Speaking at the Global Association of Risk Professionals (GARP) Global Risk Forum in Hong Kong this week, Mr Byres said a lack of willingness to place more faith in supervision has been a major contributor to the “pipeline of international regulation” that continues to flow.
“Giving some greater thought to the relative benefits of regulatory and supervisory approaches, and devoting some time to strengthening the latter as well as the former, might allow us to not only draw a line under current rule-making efforts, but also to achieve our objectives in a lower cost manner,” he said.
The APRA chair highlighted the cost of regulation by giving the example of the regulator’s recent changes to mortgage risk weights in Australia.
“In very rough terms, this added $10 billion to the capital requirements of the banking system,” he said.
“If one assumes that the banks’ cost of equity is roughly around 10 per cent, the additional cost from this one change is in the order of 15 to 20 times the total operating cost of my organisation’s banking supervision activities each year.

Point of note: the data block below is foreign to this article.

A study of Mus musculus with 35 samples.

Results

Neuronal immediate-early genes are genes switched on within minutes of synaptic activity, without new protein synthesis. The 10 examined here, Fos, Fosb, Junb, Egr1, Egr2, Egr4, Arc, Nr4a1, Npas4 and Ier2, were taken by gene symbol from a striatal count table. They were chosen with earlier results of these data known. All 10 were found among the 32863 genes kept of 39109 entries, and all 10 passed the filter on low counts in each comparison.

“Against that backdrop, a few more supervisors are not that costly at all!”
Speaking about the effectiveness of disclosure and market discipline, Mr Byres said the expectation of a government backstop has been one area where, “unfortunately but necessarily, expectation has been matched by reality”.
“Some governments were even forced to bail out the holders of capital instruments. And by allowing over-leveraged banks to strengthen their balance sheets by shedding assets and constraining lending, rather than being more forcefully recapitalised, we have seen shareholders effectively bailed out too,” he said.
“If this remains the prevailing expectation, then we have an even bigger problem than we thought: not only will markets fail to adequately act as a disciplining device, but they will continue to encourage and reward excessive risk-taking.
“The costly misallocation of credit will again be the result.”
Mr Byres argued that a key issue to be resolved is the extent to which regulators can engineer a world in which disclosure, and the resulting market discipline, can help in banking regulation.
“If we can, there may be instances in which disclosure might work better than, or at least as well as, more regulation,” he said.
“We cannot expect markets to appropriately monitor financial institutions and correctly price their underlying risk if there is no incentive to do so.”